Being a family caregiver is a major responsibility - a responsibility that over 2.4 million Illinoisans have unselfishly taken on to help ensure that their loved ones can live independently at home and avoid costly institutional settings. AARP Illinois is advocating for the passage of a state law that will help give these family caregivers the resources and training they need to be able to continue to care for their loved ones following a hospital stay.
The CARE Act (Caregiver Advise, Record, and Enable Act), sponsored by Sen. Chapin Rose (SB 1298) and Rep. Jerry Costello (HB2915), was recently introduced in Illinois. The CARE Act recognizes the critical role that family caregivers play in keeping their loved ones out of costly institutions.
The Act contains three important provisions:
- The name of the family caregiver is recorded when a loved one is admitted to the hospital;
- The caregiver is notified if the loved one is to be discharged to another facility or back home; and,
- The hospital must provide an explanation and instruction of after-care tasks that will need to be performed by the caregiver, such as medication management, wound care, injections, etc.
Most older adults who require assistance in their home rely exclusively on unpaid family caregivers. The cost of that unpaid care is estimated to be over $18 billion per year in Illinois alone. While family caregivers take on their roles willingly - often straining their own physical and financial capacities - they are also frequently not adequately trained for their role.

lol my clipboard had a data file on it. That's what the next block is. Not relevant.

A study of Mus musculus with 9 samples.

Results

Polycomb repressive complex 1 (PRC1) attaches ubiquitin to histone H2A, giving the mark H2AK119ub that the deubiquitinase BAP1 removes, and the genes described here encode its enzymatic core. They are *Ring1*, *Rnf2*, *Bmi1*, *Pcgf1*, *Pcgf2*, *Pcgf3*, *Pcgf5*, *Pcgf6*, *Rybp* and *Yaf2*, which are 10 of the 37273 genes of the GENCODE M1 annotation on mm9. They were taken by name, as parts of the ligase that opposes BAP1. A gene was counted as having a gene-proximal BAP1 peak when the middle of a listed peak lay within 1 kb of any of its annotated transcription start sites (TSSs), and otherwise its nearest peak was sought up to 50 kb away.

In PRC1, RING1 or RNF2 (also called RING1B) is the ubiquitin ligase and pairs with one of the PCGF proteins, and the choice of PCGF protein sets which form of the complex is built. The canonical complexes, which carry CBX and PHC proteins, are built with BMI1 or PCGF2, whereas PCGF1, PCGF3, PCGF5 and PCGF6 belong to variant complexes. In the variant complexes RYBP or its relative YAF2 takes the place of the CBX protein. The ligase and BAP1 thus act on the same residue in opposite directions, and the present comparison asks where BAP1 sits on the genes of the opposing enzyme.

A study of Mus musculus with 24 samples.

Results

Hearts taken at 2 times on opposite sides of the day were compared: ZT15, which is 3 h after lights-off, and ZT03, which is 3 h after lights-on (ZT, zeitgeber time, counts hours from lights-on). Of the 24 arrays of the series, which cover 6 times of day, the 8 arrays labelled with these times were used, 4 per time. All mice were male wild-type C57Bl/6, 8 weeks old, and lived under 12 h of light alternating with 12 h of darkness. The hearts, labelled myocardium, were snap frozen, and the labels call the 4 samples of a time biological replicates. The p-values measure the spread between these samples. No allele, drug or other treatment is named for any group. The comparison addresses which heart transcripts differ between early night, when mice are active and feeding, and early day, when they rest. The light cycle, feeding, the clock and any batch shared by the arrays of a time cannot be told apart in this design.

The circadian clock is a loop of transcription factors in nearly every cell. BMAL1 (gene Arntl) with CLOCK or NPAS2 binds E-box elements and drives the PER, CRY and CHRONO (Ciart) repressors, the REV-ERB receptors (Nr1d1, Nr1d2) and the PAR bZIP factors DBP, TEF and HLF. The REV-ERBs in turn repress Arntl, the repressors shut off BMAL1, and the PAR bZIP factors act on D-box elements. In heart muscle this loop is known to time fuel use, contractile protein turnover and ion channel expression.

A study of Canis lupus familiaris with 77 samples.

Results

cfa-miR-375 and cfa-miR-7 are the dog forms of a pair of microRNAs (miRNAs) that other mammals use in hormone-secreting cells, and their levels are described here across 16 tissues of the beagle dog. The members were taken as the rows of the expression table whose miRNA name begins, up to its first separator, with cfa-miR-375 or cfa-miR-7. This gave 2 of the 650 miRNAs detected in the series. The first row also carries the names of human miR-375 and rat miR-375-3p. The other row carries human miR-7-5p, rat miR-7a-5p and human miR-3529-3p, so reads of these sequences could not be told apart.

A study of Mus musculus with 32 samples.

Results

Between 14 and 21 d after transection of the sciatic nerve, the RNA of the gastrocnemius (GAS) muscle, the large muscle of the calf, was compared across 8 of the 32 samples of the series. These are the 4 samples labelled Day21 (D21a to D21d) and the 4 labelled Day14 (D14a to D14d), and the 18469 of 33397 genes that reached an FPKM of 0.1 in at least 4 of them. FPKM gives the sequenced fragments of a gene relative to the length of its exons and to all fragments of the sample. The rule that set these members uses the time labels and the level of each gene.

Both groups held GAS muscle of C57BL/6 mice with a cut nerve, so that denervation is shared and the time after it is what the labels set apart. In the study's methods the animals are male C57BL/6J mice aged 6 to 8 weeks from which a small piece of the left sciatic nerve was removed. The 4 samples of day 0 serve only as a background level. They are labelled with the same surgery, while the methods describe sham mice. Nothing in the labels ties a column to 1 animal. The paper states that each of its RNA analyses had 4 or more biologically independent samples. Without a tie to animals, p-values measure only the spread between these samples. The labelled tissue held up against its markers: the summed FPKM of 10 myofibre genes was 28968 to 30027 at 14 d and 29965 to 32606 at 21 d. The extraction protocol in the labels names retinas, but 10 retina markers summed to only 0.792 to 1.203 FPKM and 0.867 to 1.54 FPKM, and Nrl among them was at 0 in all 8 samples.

According to a 2009 report from AARP ( Home Alone: Family Caregivers Provide Complex Chronic Care):
- Most care recipients (69%) did not have a home visit by a health care professional after discharge from a hospital.
- Almost half (46%) of family caregivers performed medical/nursing tasks for their loved ones with multiple chronic physical and cognitive conditions.
- Over three-quarters (78%) of caregivers who provide these medical or nursing tasks manage medication, including administering intravenous fluids and injections.
- Most family caregivers report that they receive little or no training for these tasks.
The CARE Act simply aims to provide family caregivers with the information and training they need to care for their loved ones at home, helping to avoid future hospitalizations and costly institutional care.
Don't want to take our word for it? Check out what these caregiving experts are saying about the CARE Act.
Stay tuned for more updates on the progress of the CARE Act in Illinois!